Spot the knife? Millimeter waves, close to terahertz, show their ability to see through clothes and paper. Science Vol. 297, 2 Aug. 2002.

Nontechnical Summary

An experiment at the U.S. Department of Energy's Thomas Jefferson National Accelerator Facility in Newport News, Va., has shown how to make highly useful terahertz light, or T-rays, tens of thousands of times brighter than ever before. (View articles in the popular and scientific press.)

This latest spinoff from Jefferson Lab's main mission of nuclear physics research lights the way toward a number of prospective benefits, including:

Researchers from Jefferson Lab and two other Department of Energy laboratories - Brookhaven National Laboratory in Upton, N.Y., and Lawrence Berkeley National Laboratory in Berkeley, Calif. - sent a beam of electrons at nearly the speed of light through a magnetic field. That caused the electrons to radiate T-rays at a trillion cycles per second—the terahertz frequency that gives T-rays their name and that makes them especially useful for investigating biological molecules.

Invisible T-rays bear comparison with radio waves, microwaves, infrared light and X-rays. But unlike those much-used forms of radiated energy, T-rays have been little exploited—in part because no one knew how to make them bright enough.

T-rays are electromagnetic radiation of the safe, non-ionizing kind. They can pass through clothing, paper, cardboard, wood, masonry, plastic and ceramics. They can penetrate fog and clouds. Their wavelength—shorter than microwaves, longer than infrared—corresponds revealingly with biomolecular vibrations.

For over a decade, scientists worldwide have been pressing the study of terahertz light and looking for better ways to generate and use it. An Aug. 16, 2002, Science magazine article, "Revealing the Invisible," reported that "much research is being directed toward the development of T-ray sources and detectors, particularly for applications in medical imaging and security scanning systems." The Web site of Dr. Xi-Cheng Zhang, a T-ray expert at Rensselaer Polytechnic Institute, predicts that "the future 'killer application' ... will be in biomedicine."

Tochigi Nikon Corporation and Teraview—a Cambridge, England, start-up associated with Toshiba—have begun commercializing low-power T-ray systems. A few hospitals are testing comparatively dim T-rays for detecting skin cancer. Dr. Daniel M. Mittleman of Rice University says that for low-power T-rays, "perhaps the most promising applications lie in the area of quality control of packaged goods." He illustrates by showing how T-rays can check the raisin count in boxes of raisin bran.

Overall, though, T-rays still constitute a gap in the science of light and energy. They inhabit a region of the electromagnetic spectrum remaining to be better understood—and much better exploited. Now that a way to generate them at high power has been demonstrated, T-rays can potentially extend and add widely to the wave-based technologies that have defined the last century and a half, from the telegraph, radio and X-rays to computers, cell phones and medical MRIs.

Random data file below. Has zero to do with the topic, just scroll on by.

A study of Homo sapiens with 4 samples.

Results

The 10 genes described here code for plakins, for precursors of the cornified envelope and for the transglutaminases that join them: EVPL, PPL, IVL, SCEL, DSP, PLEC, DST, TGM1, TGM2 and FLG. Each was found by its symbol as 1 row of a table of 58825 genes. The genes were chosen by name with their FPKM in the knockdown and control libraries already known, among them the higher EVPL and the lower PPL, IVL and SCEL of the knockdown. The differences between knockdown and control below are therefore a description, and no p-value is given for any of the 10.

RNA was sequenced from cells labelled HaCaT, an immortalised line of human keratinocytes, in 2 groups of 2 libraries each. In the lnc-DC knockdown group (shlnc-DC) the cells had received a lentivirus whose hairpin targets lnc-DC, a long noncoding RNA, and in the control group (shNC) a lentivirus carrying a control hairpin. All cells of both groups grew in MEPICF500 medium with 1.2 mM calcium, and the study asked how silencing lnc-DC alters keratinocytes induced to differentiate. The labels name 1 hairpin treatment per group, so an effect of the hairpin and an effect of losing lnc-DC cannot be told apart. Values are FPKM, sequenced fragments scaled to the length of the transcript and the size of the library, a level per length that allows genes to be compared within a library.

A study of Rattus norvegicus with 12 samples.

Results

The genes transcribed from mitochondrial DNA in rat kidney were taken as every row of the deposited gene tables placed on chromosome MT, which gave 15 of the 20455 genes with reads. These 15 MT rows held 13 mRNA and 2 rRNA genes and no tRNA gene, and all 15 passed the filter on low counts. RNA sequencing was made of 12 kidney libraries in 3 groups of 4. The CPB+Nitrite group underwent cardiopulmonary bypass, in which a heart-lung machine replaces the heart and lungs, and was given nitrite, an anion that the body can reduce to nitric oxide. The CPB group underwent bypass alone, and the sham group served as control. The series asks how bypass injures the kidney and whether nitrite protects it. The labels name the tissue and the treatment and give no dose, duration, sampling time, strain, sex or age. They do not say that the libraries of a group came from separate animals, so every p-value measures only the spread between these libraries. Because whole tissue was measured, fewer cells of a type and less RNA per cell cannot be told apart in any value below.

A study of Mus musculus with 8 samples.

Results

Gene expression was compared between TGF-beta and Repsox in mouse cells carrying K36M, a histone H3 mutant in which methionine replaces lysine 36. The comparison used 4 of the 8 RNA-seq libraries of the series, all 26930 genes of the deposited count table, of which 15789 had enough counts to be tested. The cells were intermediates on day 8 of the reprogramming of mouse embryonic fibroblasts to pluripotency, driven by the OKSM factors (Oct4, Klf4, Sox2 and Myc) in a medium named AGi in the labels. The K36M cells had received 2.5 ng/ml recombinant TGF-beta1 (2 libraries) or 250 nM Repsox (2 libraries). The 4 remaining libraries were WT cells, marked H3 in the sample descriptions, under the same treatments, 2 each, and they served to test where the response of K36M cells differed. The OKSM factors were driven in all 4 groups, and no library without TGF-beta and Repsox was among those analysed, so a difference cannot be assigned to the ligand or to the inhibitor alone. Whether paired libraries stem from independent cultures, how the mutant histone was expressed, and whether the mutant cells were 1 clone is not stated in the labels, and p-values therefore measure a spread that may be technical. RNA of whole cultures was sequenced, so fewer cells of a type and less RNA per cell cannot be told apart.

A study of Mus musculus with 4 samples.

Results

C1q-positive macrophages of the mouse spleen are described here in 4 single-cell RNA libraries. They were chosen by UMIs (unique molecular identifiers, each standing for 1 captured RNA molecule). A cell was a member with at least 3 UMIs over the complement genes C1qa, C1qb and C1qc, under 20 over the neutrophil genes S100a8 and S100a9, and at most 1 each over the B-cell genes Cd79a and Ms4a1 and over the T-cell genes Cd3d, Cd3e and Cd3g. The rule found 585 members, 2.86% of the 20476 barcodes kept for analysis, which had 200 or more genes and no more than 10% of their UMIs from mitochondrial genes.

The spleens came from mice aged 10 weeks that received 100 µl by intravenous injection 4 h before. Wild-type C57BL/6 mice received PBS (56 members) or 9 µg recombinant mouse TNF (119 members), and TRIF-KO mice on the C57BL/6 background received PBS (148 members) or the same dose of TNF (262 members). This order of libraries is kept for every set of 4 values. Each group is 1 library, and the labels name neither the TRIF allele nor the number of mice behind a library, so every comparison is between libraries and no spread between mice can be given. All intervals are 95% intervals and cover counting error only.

Jefferson Lab's Gwyn Williams conceived and led the experiment, which took place during 2001. Dr. Williams and his colleagues announced the work in the article "High-power terahertz radiation from relativistic electrons" in the Nov. 14, 2002, issue of the international science journal Nature. (View this and other articles in the popular and scientific press.)

Dr. Williams is a photon scientist, a researcher of light. But Jefferson Lab's main mission is nuclear physics, the study of the atom's core. Nuclear physicists visiting from across the country and around the world probe nuclei with beams of electrons from Jefferson Lab's huge superconducting accelerator. Williams joined Jefferson Lab in 2000 to conduct research with a smaller, unique adaptation of that accelerator: the world's first high-powered "free-electron laser."

The U.S. Navy funded the laser's construction to investigate the science and technology of high-power laser beams whose precise wavelength can be selected. It's over 200 times more powerful than any other wavelength-tunable laser—and the Navy is funding an upgrade to still higher power. The laser is "driven" by the same small superconducting electron accelerator that Williams and his colleagues used for their demonstration of bright T-rays.

Before that experiment, no other method of generating terahertz light had yielded more than a thousandth of a watt in power. But they extracted tens of thousands times more. "Think of a candle and then think of a floodlight," says Williams.

But no matter how bright they are, T-rays can't penetrate metal or water. So they can't be used to inspect cargo containers on arriving ships or to diagnose conditions deep inside the human body. "Nevertheless," says Williams, "the growing awareness of T-rays' usefulness is like what happened a century ago with X-rays—only T-rays will have a much wider range of applications. The task now is to develop those uses individually."

And that's exactly what he and his colleagues are about to do. Dr. Williams is planning a program of further research to develop and demonstrate practical applications of terahertz light.